No one expects a pair of shoes to go on forever. A fortunate thing, too, because aside from the conservative classics, styles nowadays can easily become obsolete before shoes are completely worn out. Fashions in footwear are subject to swift changes from season to season.
This spring is no exception. Besides revamping shapes and proportions, shoemakers have been expanding their ranges of different kinds of shoes. Shoppers will be confronted with a befuddling array in every category.
Point one to remember in charting one's way through the maze of shapes, textures, details, and colors is that lowered heels are still in the majority. Flats, short geometric heels, curved and underslung Louis types, and -- above all -- wedges are prime choices for all times of day, for work or for play.
None of these heels is heavy or clunky. The latest wedge, which is being called ''linear,'' is a long, streamlined sliver that is sometimes notched at the heel or sculptured in a manner that calls up images of racy sports cars and modern speedboats. Another modish flat is a light rendition of the Moroccan slipper, cut low on the sides, high at the back, and curved to a point at the instep. Soft as a ballet slipper, it comes in a range of pastels as well as black, red, or navy and is sometimes piped in silver, the top metallic accent for spring. These styles are seen as appropriate accompaniments for the sort of simplified architectural clothes that Ronaldus Shamask designs, but the linear flat wedge or the Moroccan slipper would also work well with a short-flared culotte and a loose, low-belted top.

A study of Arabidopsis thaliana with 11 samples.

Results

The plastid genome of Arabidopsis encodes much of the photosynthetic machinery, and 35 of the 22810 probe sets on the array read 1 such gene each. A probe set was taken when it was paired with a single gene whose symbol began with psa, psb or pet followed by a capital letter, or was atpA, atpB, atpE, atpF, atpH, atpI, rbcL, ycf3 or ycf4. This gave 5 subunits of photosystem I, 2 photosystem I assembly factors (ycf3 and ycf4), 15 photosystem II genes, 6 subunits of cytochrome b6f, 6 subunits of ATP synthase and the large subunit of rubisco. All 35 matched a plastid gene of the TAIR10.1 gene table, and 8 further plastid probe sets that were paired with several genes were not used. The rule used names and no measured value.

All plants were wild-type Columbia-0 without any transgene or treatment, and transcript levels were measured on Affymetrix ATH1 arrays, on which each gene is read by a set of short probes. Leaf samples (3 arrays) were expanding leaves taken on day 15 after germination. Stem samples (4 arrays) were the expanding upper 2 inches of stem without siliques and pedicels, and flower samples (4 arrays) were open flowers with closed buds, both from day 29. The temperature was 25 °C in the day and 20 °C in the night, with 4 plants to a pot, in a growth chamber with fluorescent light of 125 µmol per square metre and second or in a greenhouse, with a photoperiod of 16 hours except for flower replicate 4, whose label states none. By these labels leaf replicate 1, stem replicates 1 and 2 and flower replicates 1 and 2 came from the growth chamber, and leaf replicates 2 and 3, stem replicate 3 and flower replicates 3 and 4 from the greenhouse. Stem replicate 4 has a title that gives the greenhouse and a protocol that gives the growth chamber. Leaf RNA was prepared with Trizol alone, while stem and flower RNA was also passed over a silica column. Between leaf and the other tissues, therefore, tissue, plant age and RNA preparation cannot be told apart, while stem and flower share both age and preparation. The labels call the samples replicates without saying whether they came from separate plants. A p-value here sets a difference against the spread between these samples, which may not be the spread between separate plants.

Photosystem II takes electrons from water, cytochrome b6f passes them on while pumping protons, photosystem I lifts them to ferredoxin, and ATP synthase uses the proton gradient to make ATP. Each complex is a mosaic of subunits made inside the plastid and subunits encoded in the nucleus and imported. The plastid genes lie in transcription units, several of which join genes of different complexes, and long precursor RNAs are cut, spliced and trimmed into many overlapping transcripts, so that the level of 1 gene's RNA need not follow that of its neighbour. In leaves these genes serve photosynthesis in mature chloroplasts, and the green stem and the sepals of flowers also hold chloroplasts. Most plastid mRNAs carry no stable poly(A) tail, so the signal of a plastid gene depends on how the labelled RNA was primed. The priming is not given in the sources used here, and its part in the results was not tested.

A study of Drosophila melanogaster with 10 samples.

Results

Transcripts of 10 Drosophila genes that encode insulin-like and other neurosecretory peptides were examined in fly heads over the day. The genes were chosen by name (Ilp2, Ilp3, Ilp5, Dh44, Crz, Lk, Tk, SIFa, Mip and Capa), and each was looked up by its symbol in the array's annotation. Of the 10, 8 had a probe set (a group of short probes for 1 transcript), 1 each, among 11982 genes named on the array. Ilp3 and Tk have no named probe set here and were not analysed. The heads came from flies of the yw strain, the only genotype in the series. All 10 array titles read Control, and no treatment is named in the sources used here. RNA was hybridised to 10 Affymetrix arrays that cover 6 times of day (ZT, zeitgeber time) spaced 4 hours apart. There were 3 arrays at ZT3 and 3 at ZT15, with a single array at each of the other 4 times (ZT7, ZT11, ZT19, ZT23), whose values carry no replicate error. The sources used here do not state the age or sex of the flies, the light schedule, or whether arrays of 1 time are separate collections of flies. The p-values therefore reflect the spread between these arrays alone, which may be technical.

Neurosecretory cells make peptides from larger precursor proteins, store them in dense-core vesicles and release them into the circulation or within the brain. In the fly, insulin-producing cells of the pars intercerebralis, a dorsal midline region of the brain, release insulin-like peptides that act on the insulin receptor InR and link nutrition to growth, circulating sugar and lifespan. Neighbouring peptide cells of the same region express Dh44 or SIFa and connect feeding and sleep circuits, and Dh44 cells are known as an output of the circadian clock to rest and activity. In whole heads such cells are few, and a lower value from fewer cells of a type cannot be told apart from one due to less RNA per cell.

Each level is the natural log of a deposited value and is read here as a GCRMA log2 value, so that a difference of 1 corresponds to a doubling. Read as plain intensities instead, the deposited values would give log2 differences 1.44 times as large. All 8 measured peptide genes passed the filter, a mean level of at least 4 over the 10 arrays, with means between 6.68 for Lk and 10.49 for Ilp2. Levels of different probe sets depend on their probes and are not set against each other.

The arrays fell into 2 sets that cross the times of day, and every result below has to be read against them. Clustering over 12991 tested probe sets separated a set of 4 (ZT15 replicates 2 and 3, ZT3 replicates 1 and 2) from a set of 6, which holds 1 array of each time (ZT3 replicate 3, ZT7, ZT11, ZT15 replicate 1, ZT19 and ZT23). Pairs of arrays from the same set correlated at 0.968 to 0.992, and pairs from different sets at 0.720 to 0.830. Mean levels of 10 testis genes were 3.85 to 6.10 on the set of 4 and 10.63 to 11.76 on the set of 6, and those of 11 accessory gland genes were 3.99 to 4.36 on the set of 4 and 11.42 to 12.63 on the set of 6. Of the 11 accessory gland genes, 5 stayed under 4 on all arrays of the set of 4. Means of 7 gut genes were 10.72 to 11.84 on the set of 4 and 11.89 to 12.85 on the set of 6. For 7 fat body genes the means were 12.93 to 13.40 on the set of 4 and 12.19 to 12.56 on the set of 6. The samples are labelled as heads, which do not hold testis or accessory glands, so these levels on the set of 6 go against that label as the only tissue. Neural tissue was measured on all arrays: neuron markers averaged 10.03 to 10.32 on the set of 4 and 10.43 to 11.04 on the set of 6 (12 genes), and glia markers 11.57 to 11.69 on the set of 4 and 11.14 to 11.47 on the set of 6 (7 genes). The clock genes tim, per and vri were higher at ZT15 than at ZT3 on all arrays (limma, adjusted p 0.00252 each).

In the overall picture, ornamentation is less in evidence now. There are fewer decorated vamps. Gleaming metallics have been replaced by shimmering textures; pearlized and luster finishes are the spring-summer alternatives.
Warm weather is sandal time, and shoe producers have accordingly supplied their public with a vast variety. Wider bands and tubular straps are regarded in the footwear world as ''newsy,'' but Egyptian thongs, slave-girl ankle and toe bands, and low-wedge sandals with lacings that are meant to crisscross up bare legs to the knees will surely attract attention, too.
Colored stones, which also decorate leathers this season, owe their origins to the Far West. In grouping shoe trends, the Footwear Council of America has lumped all the ''desert sands'' influences together -- nomadic North African and Asian along with native-American Santa Fe.
The kind of petticoated and ruffled dressing known in some quarters as ''country peasant'' (in others as ''milkmaid'') calls for ballerinas, embroidered espadrilles (some go so far as to have eyelet edgings), openwork weaves, and lattice treatments. Pleating and ruching has also been used on calfskins as well as canvases for shoes that have a provincial air.
Always a hot-weather favorite, the nautical theme is again strong this year. Bicolor and tricolor shoes, stripes, and perforated leathers are some of the variations used in navy and white pumps and slingbacks.